Udall courting GOP support ahead of campaign finance vote

The Democratic sponsor of a constitutional amendment seeking to overturn the Supreme Court’s 2010 Citizens United ruling said Monday he is in discussions with key GOP colleagues about backing the measure.

Sen. Tom UdallThomas (Tom) Stewart UdallIt is time for companies and governments to holistically tackle single-use plastics Citizens United decision weathers 10 years of controversy Overnight Defense: Foreign policy takes center stage at Democratic debate | House delivers impeachment articles to Senate | Dems vow to force new vote on Trump's border wall MORE (D-N.M.) expressed optimism that the amendment would get at least a measure of Republican support, and said there could be days of debate before a final Senate vote on the issue.

The upper chamber is expected to vote Monday evening on whether to proceed to the amendment, which would give Congress power to regulate campaign spending on federal races.


“We’re hearing that we may have Saxby,” Udall said, referring to Sen. Saxby ChamblissClarence (Saxby) Saxby ChamblissThe Hill's Morning Report - Gillibrand drops out as number of debaters shrinks Hoekstra emerges as favorite for top intelligence post Republicans say Democrats holding up disaster relief as 'Sandy payback' MORE (R-Ga.). Attempts to reach Chambliss’s office for comment were not immediately successful.

Udall said he was also talking to Sens. John McCainJohn Sidney McCainConservative activist wins contest to represent New Hampshire at Republican National Convention Schiff shows clip of McCain in Trump impeachment trial Martha McSally fundraises off 'liberal hack' remark to CNN reporter MORE (R-Ariz) and Thad CochranWilliam (Thad) Thad CochranBottom Line Mike Espy announces Mississippi Senate bid Biden has a lot at stake in first debate MORE (R-Miss.), adding that “both of them have either been on the amendment or voted for the amendment.”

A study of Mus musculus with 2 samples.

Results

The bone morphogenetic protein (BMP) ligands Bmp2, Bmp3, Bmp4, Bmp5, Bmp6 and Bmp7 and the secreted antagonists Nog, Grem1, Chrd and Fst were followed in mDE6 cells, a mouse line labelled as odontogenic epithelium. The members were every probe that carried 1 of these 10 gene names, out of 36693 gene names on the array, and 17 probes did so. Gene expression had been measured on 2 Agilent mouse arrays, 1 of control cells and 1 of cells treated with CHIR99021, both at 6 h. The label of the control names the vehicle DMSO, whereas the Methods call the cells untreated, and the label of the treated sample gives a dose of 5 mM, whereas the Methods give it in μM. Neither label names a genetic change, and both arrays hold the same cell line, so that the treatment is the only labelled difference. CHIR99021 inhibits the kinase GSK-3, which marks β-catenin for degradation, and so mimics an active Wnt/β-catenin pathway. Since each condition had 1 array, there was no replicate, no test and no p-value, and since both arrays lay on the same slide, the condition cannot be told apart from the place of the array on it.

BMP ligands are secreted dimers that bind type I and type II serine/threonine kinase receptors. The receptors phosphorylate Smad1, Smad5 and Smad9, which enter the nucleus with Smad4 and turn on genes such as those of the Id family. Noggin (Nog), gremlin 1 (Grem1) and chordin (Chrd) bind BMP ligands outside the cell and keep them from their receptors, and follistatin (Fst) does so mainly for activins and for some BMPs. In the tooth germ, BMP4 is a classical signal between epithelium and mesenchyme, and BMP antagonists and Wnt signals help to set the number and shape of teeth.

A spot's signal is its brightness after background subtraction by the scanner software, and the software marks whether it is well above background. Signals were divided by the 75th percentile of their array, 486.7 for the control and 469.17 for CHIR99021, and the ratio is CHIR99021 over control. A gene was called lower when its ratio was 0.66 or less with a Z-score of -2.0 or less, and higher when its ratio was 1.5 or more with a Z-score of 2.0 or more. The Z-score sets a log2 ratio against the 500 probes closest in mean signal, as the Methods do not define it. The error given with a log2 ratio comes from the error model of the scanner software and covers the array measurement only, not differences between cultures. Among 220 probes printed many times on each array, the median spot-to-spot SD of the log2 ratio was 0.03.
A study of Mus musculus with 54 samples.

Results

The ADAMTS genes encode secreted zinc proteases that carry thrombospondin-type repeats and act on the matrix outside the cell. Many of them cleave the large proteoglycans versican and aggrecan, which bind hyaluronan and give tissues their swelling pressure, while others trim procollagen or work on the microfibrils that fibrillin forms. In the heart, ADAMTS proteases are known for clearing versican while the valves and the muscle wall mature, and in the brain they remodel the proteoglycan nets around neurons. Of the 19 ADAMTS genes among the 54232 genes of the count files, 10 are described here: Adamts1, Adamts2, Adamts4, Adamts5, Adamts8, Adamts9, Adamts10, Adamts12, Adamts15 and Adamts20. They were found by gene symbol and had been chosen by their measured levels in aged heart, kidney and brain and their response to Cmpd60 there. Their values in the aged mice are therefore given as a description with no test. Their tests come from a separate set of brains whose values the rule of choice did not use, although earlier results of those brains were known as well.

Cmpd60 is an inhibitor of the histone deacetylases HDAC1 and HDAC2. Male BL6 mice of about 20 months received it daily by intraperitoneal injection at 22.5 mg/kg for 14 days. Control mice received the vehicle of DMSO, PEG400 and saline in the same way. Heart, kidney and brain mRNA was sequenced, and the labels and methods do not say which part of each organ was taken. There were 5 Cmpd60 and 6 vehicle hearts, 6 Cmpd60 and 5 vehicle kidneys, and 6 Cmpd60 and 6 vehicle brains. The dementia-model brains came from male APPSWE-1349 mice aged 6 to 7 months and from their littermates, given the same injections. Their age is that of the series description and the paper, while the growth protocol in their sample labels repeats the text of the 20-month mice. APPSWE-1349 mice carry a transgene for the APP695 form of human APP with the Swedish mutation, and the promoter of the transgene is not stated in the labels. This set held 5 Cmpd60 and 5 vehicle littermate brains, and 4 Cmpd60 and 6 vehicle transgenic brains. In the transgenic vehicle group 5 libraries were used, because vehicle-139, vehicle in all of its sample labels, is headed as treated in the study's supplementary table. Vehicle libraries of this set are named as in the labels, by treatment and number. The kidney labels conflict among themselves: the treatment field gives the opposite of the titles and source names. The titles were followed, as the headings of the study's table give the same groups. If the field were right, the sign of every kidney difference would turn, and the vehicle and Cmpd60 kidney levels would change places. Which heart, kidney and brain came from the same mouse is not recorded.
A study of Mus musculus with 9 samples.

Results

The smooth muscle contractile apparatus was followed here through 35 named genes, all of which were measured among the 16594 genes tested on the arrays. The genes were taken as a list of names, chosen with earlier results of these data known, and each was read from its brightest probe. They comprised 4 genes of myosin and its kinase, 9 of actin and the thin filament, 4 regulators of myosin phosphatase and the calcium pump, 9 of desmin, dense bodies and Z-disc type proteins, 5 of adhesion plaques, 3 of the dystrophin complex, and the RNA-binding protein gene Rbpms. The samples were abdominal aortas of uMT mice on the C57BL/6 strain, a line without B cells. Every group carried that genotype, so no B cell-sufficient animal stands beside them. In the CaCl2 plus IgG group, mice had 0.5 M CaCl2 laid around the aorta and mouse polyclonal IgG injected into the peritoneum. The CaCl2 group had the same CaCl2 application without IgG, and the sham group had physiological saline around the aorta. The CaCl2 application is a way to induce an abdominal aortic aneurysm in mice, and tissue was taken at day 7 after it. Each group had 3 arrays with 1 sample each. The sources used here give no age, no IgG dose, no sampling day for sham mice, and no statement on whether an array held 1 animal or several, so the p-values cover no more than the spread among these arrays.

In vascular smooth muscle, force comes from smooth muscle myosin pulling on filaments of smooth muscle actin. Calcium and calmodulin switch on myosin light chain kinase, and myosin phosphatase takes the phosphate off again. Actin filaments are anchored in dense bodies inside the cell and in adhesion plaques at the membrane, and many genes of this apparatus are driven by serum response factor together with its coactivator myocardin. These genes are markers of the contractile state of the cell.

He said Democrats have been told that Republicans would likely not seek to block debate.

“It may not be voted down,” he said of the preliminary cloture vote. “We’re going to go on this all week, from what I’m hearing.”


A group of Democrats, along with Sen. Bernie SandersBernie SandersKaine: Obama called Trump a 'fascist' during 2016 campaign Des Moines Register endorses Elizabeth Warren as Democratic presidential nominee Sanders faces lingering questions about appeal to women voters MORE (I-Vt.), called Monday for passage of the amendment during a news conference outside the Capitol. They said it is necessary to counter an explosion of money in American politics that has given the wealthy outsize influence over the electoral process. 

“This is the most important issue we have discussed in a matter of years,” Sanders said.

Added Udall: "Our elections are not auctions — up to the highest bidder."

Regardless of the outcome of the Senate debate, the chances of enactment are less than slim, given that amendments to the Constitution require a two-thirds vote in both chambers of Congress and must be ratified by three quarters of the states.

Sen. Al FrankenAlan (Al) Stuart FrankenBill Press: Don't forget about Amy Key moments in the 2020 Democratic presidential race so far Al Franken mocks McConnell: 'Like listening to Jeffrey Dahmer complain about the decline of dinner party etiquette' MORE (D-Minn.), a vocal backer of the measure, acknowledged the unlikelihood of success this year, but noted that previous constitutional amendments took many years to realize.

“Maybe not this Congress,” he said. “But we’re in it for the long haul.”